Forged my mom’s sig on a deficiency slip in eighth grade. Got away with it for weeks, until the teacher informed my mom at the end of the year that she was recommending that I repeat algebra in ninth grade. My mom asked why, and the teacher responded “Because he’s flunking it in eighth grade”. Mom: “I didn’t know he was flunking it this year.” Teacher: “That’s funny; I have a signed deficiency slip here dated several weeks ago that says you do.”
My mom confronted me when I got home. Had no option really than to admit it, though I suspect if I could have found a way to try to worm out of it I would’ve. My mom had no idea what to do with me. My dad and I had planned to go fishing that afternoon, at a lake a half-hour’s drive away. In one of the most brilliant things she ever did, my mom left it up to me to tell my dad. I agonized over it all the way out to the lake, the whole time we were fishing, and almost the whole way back before I finally told him. He blew up, as expected, and I know he came up with some sort of punishment, but I’ve forgotten what it was. What has stayed with me for 26 years is the feeling of embarassment, shame, and regret at having so profoundly disappointed my parents, and the living hell of having to tell my dad what I’d done.
In Jewish ethics, it’s important not just to admit when you’ve done something wrong, but to ask forgiveness of the persons who’ve been harmed by your actions, and to make restitution wherever possible. In this case, that would mean apologizing to you and your wife (for forging the signature and lying to you) as well as the teacher, to whom she also lied (by presenting her signature as your wife’s). I think losing credit for the assignment would also be entirely appropriate, since it was credit for the assignment that she obtained as a result of the forgery in the first place.
I think you’re probably on the right track, however, in emphasizing the lies to cover her tracks rather than the forgery itself. It sounds as though your daughter signed your wife’s name on the assignment not from any desire to avoid showing the assignment to her or to deceive her, but as a result of simply having forgotten to get her signature (your message implies that she had discussed the assignment with your wife, but just didn’t get her to sign off on the finished version). At that point, a responsible course of action would have been to explain this to the teacher, offering to obtain the signature later if that’s acceptable. If not, she takes her lumps and performs the assignment as described next time. Nevertheless, once the forgery was discovered, the only reason to lie to your wife about it was to avoid responsibility for it, and that’s unacceptable.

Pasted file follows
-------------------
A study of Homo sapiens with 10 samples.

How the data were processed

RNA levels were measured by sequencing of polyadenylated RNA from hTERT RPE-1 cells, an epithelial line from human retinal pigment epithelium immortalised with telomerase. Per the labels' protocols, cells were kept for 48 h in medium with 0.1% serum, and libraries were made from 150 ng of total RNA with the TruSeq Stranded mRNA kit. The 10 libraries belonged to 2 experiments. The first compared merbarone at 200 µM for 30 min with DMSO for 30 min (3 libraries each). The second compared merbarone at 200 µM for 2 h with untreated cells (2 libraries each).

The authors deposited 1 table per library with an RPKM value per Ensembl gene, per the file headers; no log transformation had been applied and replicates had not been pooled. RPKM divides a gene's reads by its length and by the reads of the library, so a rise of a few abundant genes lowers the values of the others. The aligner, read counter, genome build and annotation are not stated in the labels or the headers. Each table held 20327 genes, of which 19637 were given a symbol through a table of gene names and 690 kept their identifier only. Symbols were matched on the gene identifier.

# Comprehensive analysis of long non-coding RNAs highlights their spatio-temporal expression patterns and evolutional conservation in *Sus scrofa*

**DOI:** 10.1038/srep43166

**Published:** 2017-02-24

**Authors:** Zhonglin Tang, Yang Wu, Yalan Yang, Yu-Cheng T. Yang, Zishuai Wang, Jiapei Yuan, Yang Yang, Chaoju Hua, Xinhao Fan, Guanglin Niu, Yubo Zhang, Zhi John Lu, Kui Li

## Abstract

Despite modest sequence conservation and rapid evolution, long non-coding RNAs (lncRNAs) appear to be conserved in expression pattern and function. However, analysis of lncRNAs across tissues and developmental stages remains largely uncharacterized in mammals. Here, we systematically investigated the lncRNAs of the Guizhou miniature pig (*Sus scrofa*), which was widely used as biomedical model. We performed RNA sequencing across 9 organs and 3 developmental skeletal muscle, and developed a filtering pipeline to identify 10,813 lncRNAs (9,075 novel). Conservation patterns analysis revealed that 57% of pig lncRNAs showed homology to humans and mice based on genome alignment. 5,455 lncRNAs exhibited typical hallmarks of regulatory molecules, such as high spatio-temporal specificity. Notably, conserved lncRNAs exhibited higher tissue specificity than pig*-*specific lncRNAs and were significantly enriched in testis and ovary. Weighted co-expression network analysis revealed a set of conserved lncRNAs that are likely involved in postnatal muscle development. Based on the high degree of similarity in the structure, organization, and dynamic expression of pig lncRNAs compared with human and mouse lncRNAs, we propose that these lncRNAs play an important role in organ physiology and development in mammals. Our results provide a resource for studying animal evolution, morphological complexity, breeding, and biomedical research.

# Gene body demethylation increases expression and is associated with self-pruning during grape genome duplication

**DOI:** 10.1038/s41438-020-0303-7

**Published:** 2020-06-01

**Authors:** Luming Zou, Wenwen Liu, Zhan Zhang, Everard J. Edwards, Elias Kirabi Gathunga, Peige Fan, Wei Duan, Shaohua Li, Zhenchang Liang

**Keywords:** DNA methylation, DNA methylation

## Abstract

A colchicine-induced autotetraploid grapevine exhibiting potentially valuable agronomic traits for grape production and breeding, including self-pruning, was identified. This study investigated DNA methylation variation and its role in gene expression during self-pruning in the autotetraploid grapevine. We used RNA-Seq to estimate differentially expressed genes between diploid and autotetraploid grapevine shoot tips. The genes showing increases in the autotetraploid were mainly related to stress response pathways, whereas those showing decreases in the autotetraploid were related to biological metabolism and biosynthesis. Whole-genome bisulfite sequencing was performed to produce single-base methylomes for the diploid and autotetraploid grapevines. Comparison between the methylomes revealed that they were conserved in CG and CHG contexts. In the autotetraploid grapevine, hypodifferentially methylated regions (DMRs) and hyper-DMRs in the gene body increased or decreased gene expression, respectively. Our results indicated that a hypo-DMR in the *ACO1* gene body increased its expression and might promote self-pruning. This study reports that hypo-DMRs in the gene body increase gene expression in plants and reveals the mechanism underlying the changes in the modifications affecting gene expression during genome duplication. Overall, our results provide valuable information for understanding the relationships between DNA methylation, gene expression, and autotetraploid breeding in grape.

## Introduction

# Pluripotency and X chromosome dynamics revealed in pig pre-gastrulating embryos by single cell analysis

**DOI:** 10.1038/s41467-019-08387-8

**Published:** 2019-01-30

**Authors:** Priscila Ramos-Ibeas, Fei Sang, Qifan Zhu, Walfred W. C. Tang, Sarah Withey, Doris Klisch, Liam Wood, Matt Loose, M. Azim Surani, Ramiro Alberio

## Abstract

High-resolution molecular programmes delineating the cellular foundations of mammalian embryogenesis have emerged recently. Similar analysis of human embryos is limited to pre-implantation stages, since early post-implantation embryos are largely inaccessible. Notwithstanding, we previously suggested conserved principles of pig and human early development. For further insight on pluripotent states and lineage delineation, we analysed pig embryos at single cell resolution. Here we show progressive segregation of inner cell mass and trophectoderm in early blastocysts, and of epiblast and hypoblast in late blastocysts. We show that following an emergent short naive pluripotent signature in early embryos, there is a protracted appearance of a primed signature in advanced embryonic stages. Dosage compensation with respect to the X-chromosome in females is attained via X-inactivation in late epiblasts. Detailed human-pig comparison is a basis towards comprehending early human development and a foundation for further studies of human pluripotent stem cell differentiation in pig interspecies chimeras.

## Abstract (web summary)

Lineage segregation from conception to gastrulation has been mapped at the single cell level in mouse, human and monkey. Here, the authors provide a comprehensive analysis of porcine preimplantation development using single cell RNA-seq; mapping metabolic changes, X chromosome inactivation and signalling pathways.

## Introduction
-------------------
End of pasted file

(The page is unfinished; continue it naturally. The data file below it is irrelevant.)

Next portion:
Treat this as an opportunity to emphasize how you expect her to behave in the future. Let her know that you’d have done what you could to help with the problem if she’d let you know about it up front, or at least as soon as possible. Explain clearly what you’d have wanted her to do differently. Talk it through, go ahead with your idea of having her write the essay, make sure she understands what you expect, and then don’t dwell on it. She screwed up and should know that by now. Don’t shield her from the consequences, but don’t harp on what she did either. Once she’s accepted responsibility and is taking steps to make what restitution she can, it ceases to become a topic of conversation. Certainly, if someone who doesn’t know what’s up asks why she can’t watch TV, you can briefly explain the facts; say “She forged my wife’s signature and lied about it, so she’s not allow TV for [period of time}” and then drop it. As much as you want her to appreciate the consequences of her actions, you also want her to understand that once that’s done, it becomes a thing that happened in the past, not something that’ll be thrown in her face every time you don’t like the clothes she’s wearing or the music she’s listening to or whatever.